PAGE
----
A Pilot Flying J settlement related to the company's fuel-rebate scandal has received preliminary approval from a court. The proposed agreement would give trucking firms more than $40 million, and their attorneys another $14 million, The Plain Dealer of Cleveland reports.

Pilot Flying J, the country's biggest truck-stop chain, designed the settlement after being slapped with about 20 lawsuits -- filed by truckers and trucking companies -- related to fuel-rebate shortages that came to light after raids by FBI and IRS agents.

Here's what affected customers can expect from the settlement offer:

Apple lost a major battle over eBooks on Wednesday, after a federal judge ruled that Apple violated antitrust law by conspiring with publishers to raise eBook prices.

The company behind such technological successes as the iPad and MacBook was found to have played a "central role" in an eBook price-fixing scheme, one that was designed to undercut the major online bookseller Amazon.com, reports Reuters.

How will this new ruling effect eBook sales on iTunes or Apple's business in general?

Warner Bros. Wins Superman Comics Ruling at 9th Cir.

The Ninth Circuit Court of Appeals handed out a big win for Warner Bros. in its Superman lawsuit against Marc Toberoff. The court ruled that documents stolen from Toberoff weren't privileged and Warner could use them against him.

Toberoff represents the estates of late Superman co-creators Jerry Siegel and Joe Shuster. Toberoff was accused of tortious interference after he tried to strike a deal with the estates' heirs for Superman's rights. Warner filed suit after learning of the venture when documents concerning the deal were stolen from Toberoff by a former associate and given to Warner.

Warner's victory isn't only bad for Toberoff's defense, but it could also result in stark changes in how people cooperate with police investigations.

NJ Man Must Share Mega Millions Jackpot With Co-Workers

Money comes, money goes — especially for the defendant in the New Jersey Mega Millions lawsuit. A jury has awarded $20 million to the former co-workers of Americo Lopes, leaving him with only a sixth of his original $38.5 million ($24 million after taxes) lottery jackpot.

The co-workers sued Lopes after he refused to share the winnings. They claimed he used money from a group lottery pool to buy the 2009 winning ticket. Lopes disagreed, and instead argued that he had bought the ticket for himself.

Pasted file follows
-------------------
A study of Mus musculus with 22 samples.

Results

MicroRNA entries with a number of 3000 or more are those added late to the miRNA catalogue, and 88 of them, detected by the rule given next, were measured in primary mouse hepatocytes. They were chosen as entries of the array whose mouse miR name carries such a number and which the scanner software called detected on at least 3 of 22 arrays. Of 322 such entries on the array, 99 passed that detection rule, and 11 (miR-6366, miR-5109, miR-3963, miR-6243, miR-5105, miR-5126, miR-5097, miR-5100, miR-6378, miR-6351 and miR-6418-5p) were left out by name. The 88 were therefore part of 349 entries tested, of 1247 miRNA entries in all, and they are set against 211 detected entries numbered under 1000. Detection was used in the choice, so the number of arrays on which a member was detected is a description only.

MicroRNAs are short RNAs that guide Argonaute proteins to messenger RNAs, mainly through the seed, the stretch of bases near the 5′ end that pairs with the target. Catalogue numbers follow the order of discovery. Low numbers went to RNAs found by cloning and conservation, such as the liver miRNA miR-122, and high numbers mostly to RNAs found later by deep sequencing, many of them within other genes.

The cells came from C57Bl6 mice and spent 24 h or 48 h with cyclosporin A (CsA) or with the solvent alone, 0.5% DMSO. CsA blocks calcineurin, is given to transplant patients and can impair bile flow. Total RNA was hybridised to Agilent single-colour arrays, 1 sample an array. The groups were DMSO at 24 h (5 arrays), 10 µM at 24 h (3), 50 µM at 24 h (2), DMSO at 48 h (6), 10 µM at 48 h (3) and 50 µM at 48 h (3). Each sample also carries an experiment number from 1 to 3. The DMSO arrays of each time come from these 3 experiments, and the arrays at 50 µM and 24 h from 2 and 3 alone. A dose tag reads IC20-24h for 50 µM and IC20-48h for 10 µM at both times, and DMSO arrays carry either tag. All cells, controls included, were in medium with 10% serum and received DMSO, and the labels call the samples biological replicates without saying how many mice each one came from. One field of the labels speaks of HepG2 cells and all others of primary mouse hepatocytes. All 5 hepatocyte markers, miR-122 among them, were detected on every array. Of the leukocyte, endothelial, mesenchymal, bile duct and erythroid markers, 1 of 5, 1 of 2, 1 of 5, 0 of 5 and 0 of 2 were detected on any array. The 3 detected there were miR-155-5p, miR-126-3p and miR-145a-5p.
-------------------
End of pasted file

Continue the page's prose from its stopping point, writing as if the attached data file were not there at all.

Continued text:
Could Dismissal of NJ Ski Injury Lawsuit Affect Ski Resorts Nationwide?

A New Jersey appellate court has upheld the dismissal of a personal injury suit brought against the operator of Mountain Creek , the state's largest ski resort. This wouldn't ordinarily be news, but the ruling may have just kicked off a nationwide trend.

Derek Dearnley filed the Mountain Creek lawsuit after being injured during the 2008-2009 season. When he purchased a 2009-2010 season pass , he unknowingly gave up his ability to continue pursuing these claims.

All you need is love, the Beatles famously proclaimed. But if you're entering into a contract, you need a lot more than that, the Ohio Supreme Court has ruled.

"Love and affection are not consideration for a contract," Ohio's highest court held in the case of an ex-couple's real-estate dispute, The Columbus Dispatch reports.

The decision means Frederick Ormsby, 57, of Medina, Ohio, can keep $324,000 from the sale of a house he once shared with his ex-fiancée Amber Williams. A June 2005 contract, which called for a 50/50 split of the proceeds, is invalid, the court held.

'Ghost Rider' Belongs to Marvel, Federal Judge Rules

Who owns "Ghost Rider" -- Marvel, or the man who created the comic book character? According to U.S. District Judge Katherine Forrest, Marvel does. Writer and former Marvel employee Gary Friedrich's lawsuit against the comic book company was dismissed in federal court this week.

Friedrich created the fiery motorcycle-riding "Ghost Rider" character in the early 1970s.

He sought movie rights after he heard that Marvel planned other uses of the "Ghost Rider" character. The 2007 "Ghost Rider" flick, starring Nicolas Cage, grossed around $115.8 million in the U.S. and Canada.

Beef Jerky Verdict: Jack Link Must Pay Son $5M for Ousting Him

A Wisconsin Supreme Court ruling this week was supposed to bring an end to the family feud raging between Jack Link and his sons Troy and Jay, but it appears as though Link Snacks, the nation's largest purveyor of beef jerky, will keep battling it out in court for some time to come.

While the justices unanimously voted to reinstate a jury verdict awarding Jay Link $5 million in punitive damages, they also remanded the case back to the trial court to determine if he should have received more.

Supreme Court Blocks ATT Class Action

A lawsuit challenging AT&T's practice of charging tax on the full retail price of a free cell phone may have just rendered class action lawsuits obsolete.

In the recently decided AT&T Mobility v. Concepcion, the Supreme Court determined that the Federal Arbitration Act preempts state law that invalidates contractual clauses that bar classwide arbitration.

Court Tosses Winklevoss Twins' Facebook Appeal

Despite his polite wording, the 9th Circuit's Chief Judge Kozinski put the smackdown on the Winklevoss twins and their hopefully final Facebook appeal.

After settling claims against Facebook alleging that Mark Zuckerburg had stolen their idea for a social network, the Winklevoss twins tried to renege on the agreement, claiming that it was acquired by fraud.

Upholding the agreement, Judge Kozinski implies that the twins should have hired better attorneys.